Goodbye to all that

Tony Blair, the second-longest serving British PM of the 20th and 21st centuries, has left Number 10, for his new job as Middle East Peace Envoy for the Quartet.
Eyewear is glad to see him go. Blair was a mostly negative influence on British politics, and society, more generally. He ushered in an age of spin - glib media-manipulation and poll-driven decision-making - and then, paradoxically - made an isolated, almost Lear-like stand, in pushing through UK support for the Bush-led illegal war on Iraq - never admitting the failed vision of that action. Both of these impulses - to manufacture events, and often deny the reality of others - has led to a widespread cynicism in British life, where often the worst are filled with intensity, and the majority lack conviction.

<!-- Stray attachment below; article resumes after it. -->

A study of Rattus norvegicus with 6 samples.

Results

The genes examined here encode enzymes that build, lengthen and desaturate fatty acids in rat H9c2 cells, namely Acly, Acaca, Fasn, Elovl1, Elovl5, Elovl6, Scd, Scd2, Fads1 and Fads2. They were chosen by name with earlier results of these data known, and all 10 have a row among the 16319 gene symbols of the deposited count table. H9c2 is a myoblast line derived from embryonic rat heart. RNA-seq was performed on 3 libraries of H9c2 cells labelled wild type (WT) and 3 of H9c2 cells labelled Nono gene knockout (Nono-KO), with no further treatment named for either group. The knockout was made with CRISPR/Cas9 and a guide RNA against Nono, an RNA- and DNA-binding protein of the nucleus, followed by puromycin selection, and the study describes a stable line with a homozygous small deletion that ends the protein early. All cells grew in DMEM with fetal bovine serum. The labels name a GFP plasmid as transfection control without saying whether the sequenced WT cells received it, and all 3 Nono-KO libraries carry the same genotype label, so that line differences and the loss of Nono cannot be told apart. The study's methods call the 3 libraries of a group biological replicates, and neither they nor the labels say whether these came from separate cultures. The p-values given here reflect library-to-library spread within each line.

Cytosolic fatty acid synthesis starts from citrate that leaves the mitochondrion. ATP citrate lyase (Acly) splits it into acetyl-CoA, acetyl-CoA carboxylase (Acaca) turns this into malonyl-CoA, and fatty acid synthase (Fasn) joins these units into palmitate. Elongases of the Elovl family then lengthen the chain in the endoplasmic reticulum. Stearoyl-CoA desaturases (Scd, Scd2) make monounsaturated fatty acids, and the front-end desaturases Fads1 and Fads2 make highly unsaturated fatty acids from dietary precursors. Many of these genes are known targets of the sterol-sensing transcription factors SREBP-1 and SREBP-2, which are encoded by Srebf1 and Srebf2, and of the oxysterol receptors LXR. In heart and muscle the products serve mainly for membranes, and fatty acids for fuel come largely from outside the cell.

The latest example of this is Tory leader Mr. Cameron, a lightweight Blairesque figure, who may not be a match for the lead balloon gravitas of dour Mr. Brown, now Prime Minister. Cool Britannia seems a long way back, now. It'd be nice to think a new age of seriousness may arrive - one able to cope, with honesty and integrity - with real-world issues, such as climate change.

If Mr. Brown wants to start well, he will distance himself from Iraq - and America; become more open to Europe - especially France or Germany; tax the super-rich; monitor the military-industrial complex; curb the cigarette and pharmaceutical interests; and attend to the problems that face schools across the nation. He will also try to provide more affordable housing for families who work hard, and deserve a step onto the property ladder.

Time will tell whether his clunking fist will wear a velvet or an iron glove.

As for Mr. Blair, history may yet swerve his way. Should he be a truly balanced interlocutor in the Middle East, he might - against the odds - work a miracle, and win his Nobel Peace prize. Meanwhile, he will rake in millions, speaking in America. He is, as his farewell speech in the House of Commons reminded, a witty, clever man. Imagine what he might have achieved, if he had been a true Labour leader.